November 19, 2018 Week in Review: Eighth Amendment Ban on Excessive Fines
The U.S. Supreme Court heard oral arguments in five cases this week, one of which has the potential to be a blockbuster. The issue before the Court in Timbs v. Indiana is whether the Eighth Amendment ban on “excessive fines” applies to the states.
The case involves Tyson Timbs, an Indiana man who was forced to forfeit his $42,000 Land Rover after being convicted on state drug charges in Indiana. In the legal challenge that followed, the Indiana Supreme Court held that the U.S. Supreme Court has never expressly found that the excessive fines clause of the Eighth Amendment applies to the states.
The Indiana Supreme Court’s decision is at odds with two federal circuit courts of appeal and at least 14 state high courts that apply the Excessive Fines Clause to the States. The Supreme Court must now resolve the split among the lower courts. As Timbs noted in his petition for certiorari, the issue is particularly significant given that fines and forfeitures have exploded at the state and local levels.
Below is a brief summary of the other cases considered by the Court this week:
Apple Inc. v. Pepper: The class-action lawsuit involves how Apple Inc. sells apps for its iPhone devices. Under existing precedent in Illinois Brick Co. v. Illinois, 431 U.S. 720 (1977), “only the overcharged direct purchaser, and not others in the chain of manufacture or distribution” has standing to file suit for antitrust violations. The issue before the Court is whether consumers may sue anyone who delivers goods to them for antitrust damages, even when they seek damages based on prices set by third parties who would be the immediate victims of the alleged offense.
Nieves v. Bartlett: In Hartman v. Moore, 54 7 U.S. 250 (2006), this Court held that probable cause defeats a First Amendment retaliatory-prosecution claim under 42 U.S.C. § 1983 as a matter of law. The question this time around is whether probable cause likewise defeats a First Amendment retaliatory-arrest claim under § 1983?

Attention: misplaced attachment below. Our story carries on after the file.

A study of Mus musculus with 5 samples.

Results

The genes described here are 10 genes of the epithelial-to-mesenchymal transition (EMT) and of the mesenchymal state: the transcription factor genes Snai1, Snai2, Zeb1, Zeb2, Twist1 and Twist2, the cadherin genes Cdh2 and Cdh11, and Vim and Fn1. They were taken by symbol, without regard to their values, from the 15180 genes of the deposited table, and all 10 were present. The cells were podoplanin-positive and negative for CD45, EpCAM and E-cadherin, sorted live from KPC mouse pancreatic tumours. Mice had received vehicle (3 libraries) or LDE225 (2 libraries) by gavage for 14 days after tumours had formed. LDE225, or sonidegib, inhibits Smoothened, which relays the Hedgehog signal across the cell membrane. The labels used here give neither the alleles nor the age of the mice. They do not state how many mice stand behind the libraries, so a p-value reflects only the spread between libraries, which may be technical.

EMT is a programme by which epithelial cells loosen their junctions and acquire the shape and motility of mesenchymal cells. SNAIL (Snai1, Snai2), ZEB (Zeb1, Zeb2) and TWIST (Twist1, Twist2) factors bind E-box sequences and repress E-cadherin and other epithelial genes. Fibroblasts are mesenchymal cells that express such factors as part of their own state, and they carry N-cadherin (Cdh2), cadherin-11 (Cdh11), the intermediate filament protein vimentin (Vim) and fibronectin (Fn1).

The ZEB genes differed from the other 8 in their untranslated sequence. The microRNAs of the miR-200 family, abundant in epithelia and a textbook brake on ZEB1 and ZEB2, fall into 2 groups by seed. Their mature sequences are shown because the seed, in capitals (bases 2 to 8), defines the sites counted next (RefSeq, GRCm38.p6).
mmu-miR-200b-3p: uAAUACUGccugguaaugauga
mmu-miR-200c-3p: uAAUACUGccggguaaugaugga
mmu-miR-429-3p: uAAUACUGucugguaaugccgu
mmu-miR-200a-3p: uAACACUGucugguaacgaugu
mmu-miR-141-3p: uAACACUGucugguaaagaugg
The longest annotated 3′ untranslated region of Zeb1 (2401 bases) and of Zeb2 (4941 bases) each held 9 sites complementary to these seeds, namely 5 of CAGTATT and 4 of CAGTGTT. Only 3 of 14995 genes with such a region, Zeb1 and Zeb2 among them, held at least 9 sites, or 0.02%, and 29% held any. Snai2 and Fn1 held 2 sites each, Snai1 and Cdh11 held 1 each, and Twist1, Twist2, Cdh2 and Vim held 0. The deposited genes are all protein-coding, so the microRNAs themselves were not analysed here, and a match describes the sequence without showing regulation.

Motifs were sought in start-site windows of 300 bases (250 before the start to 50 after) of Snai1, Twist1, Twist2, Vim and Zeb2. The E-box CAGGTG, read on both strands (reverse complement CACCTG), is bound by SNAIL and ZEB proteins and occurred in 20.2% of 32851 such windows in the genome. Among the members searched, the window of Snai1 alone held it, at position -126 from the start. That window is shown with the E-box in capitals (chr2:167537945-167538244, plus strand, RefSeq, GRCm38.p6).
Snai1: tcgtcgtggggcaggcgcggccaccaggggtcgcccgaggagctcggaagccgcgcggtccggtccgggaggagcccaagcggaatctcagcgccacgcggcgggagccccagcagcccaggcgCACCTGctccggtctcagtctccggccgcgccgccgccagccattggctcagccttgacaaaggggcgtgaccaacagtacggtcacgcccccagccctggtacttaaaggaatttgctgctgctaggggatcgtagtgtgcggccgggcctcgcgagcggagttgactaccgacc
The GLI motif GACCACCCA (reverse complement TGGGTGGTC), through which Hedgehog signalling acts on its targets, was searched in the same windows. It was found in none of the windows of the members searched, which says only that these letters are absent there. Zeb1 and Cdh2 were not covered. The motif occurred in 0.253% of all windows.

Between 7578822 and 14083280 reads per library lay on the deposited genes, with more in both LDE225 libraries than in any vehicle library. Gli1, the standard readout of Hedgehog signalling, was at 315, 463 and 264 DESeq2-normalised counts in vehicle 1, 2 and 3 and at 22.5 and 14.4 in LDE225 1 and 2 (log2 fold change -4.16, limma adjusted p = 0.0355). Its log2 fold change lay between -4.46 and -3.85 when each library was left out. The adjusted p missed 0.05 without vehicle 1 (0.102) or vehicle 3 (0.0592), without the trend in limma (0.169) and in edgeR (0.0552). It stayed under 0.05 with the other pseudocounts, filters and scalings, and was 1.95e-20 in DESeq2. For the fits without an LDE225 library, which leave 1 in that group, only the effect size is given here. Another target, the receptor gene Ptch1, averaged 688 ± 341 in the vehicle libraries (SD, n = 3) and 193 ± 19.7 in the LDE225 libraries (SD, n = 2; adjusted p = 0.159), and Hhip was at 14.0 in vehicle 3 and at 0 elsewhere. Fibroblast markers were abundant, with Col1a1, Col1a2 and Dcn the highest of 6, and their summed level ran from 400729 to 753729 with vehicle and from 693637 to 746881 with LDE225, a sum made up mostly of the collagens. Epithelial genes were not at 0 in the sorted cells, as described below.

Nutraceutical Corp. v. Lambert: The case involves when the doctrine of equitable tolling should apply. The specific question before the justices is: “Whether the U.S. Court of Appeals for the 9th Circuit erred when it held that equitable exceptions apply to mandatory claim-processing rules—such as Federal Rule of Civil Procedure 23(f), which establishes a 14-day deadline to file a petition for permission to appeal an order granting or denying class-action certification—and can excuse a party’s failure to file timely within the deadline specified by Federal Rule of Civil Procedure 23(f), in conflict with the decisions of the U.S. Courts of Appeals for the 2nd, 3rd, 4th, 5th, 7th, 10th and 11th Circuits.”
Carpenter v. Murphy: Patrick Dwayne Murphy, a member of the Creek Nation, was convicted of murder in Oklahoma state court and given the death penalty. The Major Crimes Act, 18 U.S.C. § 1153(a), gives the federal government exclusive jurisdiction to prosecute murders committed by Indians on reservations, allotments, and dependent Indian communities. The Court has specifically agreed to consider the following question: “Whether the 1866 territorial boundaries of the Creek Nation within the former Indian Territory of eastern Oklahoma constitute an ‘Indian reservation’ today under 18 U.S.C. § 1151 (a).”
THE Conventions of a number of the States, having at the time of their adopting the Constitution, expressed a desire, in order to prevent misconstruction or abuse of its powers, that further declaratory and restrictive clauses should be added: And as extending the ground of public confidence in the Government, will best ensure the beneficent ends of its institution.